TIPS
DMC & Incoming company in Finland and Scandinavia
Scandinavian Travel Group
Read more...
Amazing husky
Tour with dog sleigh is a wonderful experience. Speed along the snowy tracks pulled by 4-8 husky dogs and enjoy the unique Arctic landscape. Listen to the sound of sledges gliding across the snow, admire the strength of the amazing husky dogs.
Read more...
Northern Lights
Aurora borealis begins high in the Earth’s atmosphere, at altitudes 100-400 km, when charged particles from the Sun become trapped in the Earth's magnetic field. In Northern Lapland the lights shine about every other clear night between September and March.
Read more...
Santa Claus
Everyone knows Santa – the one and only – comes from Finland. What some people don’t know, however, is that it is possible to meet him in person all year round.
Read more...
Rovaniemi
The official hometown of Santa Claus. The Capital of Lapland on Arctic circle. Rovaniemi also is an urban city surrounded by arctic nature, where Lappish culture and a wide range of activities meet.
Read more...
Start your booking here
Destination
Show all
Helsinki
Levi
Rovaniemi
Stockholm
Tromso
Type
Show all
Activities
Tours
Category
Show all
Arctic Animals and Zoo Tours
City Sightseeing
Day Trips
Floating
Husky tours and Farm Visits
Ice fishing
Icebreaker Tours
Lappish Food & Dining
Local Life and Culture
Motorsport
New Year and Christmas Programs
Northern Lights
Reindeer Safaris and Farm
Santa Claus
Snow Building
Snow Hotels & Castles
Snowmobiling
Snowshoeing
Tours with Kids
Winter Tours to Lapland

TIPS

What is Lapland?
It is no surprise that Lapland is one of Europe's gems and one of the best places in the world to spend winter vacations. But how far away is this place?

Where is Lapland? Lapland lies within the Arctic Circle, full of amazing unspoiled nature. "Lapland" is situated in Scandinavia and often referred to as the northern area of Finland. But, in fact, it occupies the northern part of Sweden, Norway (which is ¼ of all Scandinavia), Finland, and even Russia. The word itself is derived from "Lapp" - Scandinavians used this word to refer to the indigenous Sami people, who have been living in the region since ancient times. Interestingly, the Sami find the word "Lapland" offensive and prefer to use their own language and name this region "Sápmi".
Polar night and polar day
Polar night
The period between December and January, when the sun does not shine at all and the whole day consists of twilight.
Nevertheless, the day from 10 am to 3 pm is relatively light. In addition, white snow reflects light, making the day a little lighter. This is a time of amazing glowing blue-red sunsets! Every day for about 15 minutes comes the so-called “blue moment” when the sky and the snow appear blue. This you can see only in the north!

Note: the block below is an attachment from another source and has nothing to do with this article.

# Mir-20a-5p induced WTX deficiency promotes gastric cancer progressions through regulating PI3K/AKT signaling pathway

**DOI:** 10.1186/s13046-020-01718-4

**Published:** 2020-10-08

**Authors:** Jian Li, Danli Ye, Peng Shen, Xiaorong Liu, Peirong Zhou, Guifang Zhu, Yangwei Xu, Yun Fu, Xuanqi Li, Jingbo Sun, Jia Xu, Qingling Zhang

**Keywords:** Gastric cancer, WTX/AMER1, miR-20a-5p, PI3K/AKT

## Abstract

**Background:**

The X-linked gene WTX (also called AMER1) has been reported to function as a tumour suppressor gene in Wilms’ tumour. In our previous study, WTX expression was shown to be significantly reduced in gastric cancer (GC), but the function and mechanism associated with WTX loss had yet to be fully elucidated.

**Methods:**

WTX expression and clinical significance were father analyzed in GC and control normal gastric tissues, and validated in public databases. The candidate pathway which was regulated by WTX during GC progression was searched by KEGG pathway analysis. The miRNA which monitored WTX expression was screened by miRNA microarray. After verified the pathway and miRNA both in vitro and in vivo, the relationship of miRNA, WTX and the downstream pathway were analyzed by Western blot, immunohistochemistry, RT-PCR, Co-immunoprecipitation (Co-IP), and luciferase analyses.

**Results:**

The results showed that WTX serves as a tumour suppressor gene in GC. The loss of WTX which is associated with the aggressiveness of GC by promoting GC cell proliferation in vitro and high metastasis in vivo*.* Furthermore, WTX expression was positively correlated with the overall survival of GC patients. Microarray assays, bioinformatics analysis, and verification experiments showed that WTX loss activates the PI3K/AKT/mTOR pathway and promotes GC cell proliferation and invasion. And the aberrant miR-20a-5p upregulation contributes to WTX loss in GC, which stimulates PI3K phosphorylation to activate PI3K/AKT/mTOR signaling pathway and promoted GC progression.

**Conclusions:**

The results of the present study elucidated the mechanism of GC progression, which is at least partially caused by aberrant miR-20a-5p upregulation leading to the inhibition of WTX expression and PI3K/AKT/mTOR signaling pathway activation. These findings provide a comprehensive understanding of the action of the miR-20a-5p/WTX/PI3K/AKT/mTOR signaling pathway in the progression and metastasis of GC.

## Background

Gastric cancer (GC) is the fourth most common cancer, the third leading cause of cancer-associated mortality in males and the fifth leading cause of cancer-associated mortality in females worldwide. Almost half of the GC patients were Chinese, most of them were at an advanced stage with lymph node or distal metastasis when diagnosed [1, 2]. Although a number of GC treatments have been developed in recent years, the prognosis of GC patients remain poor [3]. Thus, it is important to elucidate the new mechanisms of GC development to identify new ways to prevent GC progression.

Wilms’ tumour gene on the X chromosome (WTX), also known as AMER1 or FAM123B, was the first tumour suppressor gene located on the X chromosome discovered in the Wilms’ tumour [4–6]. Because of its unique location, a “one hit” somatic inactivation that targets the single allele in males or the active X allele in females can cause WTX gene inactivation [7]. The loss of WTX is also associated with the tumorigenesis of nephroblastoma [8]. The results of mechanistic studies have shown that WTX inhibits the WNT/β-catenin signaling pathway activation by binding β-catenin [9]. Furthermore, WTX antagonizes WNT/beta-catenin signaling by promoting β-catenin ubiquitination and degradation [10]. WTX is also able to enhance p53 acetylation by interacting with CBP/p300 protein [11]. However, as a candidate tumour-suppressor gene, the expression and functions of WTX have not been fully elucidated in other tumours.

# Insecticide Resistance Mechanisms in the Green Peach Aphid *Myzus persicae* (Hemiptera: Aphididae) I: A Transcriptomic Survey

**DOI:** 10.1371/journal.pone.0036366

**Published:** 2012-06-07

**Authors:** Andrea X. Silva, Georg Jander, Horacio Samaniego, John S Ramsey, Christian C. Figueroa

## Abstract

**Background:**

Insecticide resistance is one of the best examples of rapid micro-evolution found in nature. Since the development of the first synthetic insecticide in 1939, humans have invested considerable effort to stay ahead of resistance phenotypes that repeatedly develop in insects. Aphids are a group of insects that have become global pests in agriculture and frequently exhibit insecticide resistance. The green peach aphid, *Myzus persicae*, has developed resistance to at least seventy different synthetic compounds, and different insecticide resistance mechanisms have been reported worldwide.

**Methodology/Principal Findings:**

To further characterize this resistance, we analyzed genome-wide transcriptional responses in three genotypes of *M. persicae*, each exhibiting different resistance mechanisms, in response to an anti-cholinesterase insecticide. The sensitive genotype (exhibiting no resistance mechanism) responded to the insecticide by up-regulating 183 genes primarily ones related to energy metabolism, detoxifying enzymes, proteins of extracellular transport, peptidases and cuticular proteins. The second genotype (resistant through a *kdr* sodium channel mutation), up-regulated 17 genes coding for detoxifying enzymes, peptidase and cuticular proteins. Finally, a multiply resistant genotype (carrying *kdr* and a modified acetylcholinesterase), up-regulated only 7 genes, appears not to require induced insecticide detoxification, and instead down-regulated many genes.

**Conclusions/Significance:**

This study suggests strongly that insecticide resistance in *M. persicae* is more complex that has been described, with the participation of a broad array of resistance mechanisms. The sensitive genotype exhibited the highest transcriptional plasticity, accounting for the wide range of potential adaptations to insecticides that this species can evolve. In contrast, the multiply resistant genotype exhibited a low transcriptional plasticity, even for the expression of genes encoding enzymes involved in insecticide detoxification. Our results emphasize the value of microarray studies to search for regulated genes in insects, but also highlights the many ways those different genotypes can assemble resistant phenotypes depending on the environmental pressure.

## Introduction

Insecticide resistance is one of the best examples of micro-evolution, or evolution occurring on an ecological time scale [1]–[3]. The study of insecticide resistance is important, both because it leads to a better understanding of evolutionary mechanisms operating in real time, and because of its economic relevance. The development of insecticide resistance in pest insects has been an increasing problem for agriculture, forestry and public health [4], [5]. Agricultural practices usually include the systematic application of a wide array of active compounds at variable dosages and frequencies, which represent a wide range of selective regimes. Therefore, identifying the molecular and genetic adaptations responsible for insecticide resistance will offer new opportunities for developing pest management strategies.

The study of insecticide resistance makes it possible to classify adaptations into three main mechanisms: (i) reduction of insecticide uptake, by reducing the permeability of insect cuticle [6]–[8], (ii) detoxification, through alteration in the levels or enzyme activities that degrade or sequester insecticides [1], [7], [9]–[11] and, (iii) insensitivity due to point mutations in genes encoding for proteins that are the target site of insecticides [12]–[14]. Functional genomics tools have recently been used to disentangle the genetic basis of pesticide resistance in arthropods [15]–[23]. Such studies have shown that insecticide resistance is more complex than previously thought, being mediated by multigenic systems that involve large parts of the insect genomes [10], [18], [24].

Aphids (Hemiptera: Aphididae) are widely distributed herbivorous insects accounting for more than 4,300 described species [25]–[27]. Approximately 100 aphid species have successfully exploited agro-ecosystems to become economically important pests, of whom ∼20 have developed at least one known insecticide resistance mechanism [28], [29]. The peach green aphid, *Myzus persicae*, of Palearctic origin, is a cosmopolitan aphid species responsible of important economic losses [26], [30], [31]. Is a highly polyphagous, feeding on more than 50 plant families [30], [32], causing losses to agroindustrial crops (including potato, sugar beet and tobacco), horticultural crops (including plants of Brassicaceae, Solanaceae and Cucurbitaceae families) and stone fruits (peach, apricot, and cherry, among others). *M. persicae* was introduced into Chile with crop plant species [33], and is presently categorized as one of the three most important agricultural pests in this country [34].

Polar day
Summer in Lapland has a special charm. From mid-May to the end of August, the sun does not set at all. But at the same time, it doesn’t burn, but shines just right so that you can walk and enjoy nature both day and night.
7 easy steps to your own amazing photos of Northern Lights
Step 1: Set to Manual
Set your camera and lens to Manual.
Turn off Image Stabilization
Turn your Flash setting to OFF!

Automatic settings are great in daylight, when the camera can sense and measure it’s surrounding. But cameras don’t see in the dark, and thus the Automatic setting is useless in Northern Lights conditions.
our flash, however, is a harsh light pollutant and will wash out the Northern Lights and temporarily blind everyone around you.

Step 2: ISO setting
ISO 1600 is a good start

This is what controls the light sensitivity of your ‘film’. The higher the ISO, the less light you need to “develop” a picture.

Step 3: Aperture = f-stop
f-2.8 or the lowest f-number you can get

The aperture, or f-stop (f-2.8, f-4, f-5,6 etc) on your camera tells you how widely your lens is open = the size of the opening letting light through the lens.

Step 4: Shutter speed
20 sec. is a good start

Shutter speed = exposure time = the time your lens is open and absorbing light.

Step 5: Use a Tripod
Mount your camera on a tripod

Holding your breath and keeping very very still is not gonna cut it. You may be taking your photo for 30 seconds, that’s half a minute.

Step 6: Zoom & Focus
Zoom out (lowest mm setting on your lens)
Set to the infinity symbol, if you have one: ∞

The Northern Lights occupy a large space in the sky, and we want to capture as much of it as we can.

Step 7: Remotely release the shutter
Use a remote control, or a 2 sec. self-timer

Every time you touch your camera you will shake it, causing a possible blur in your photo.

Wanna learn more, or have a real chance to make a nice pic of Northern Lights?
Come to Lapland and join our programs.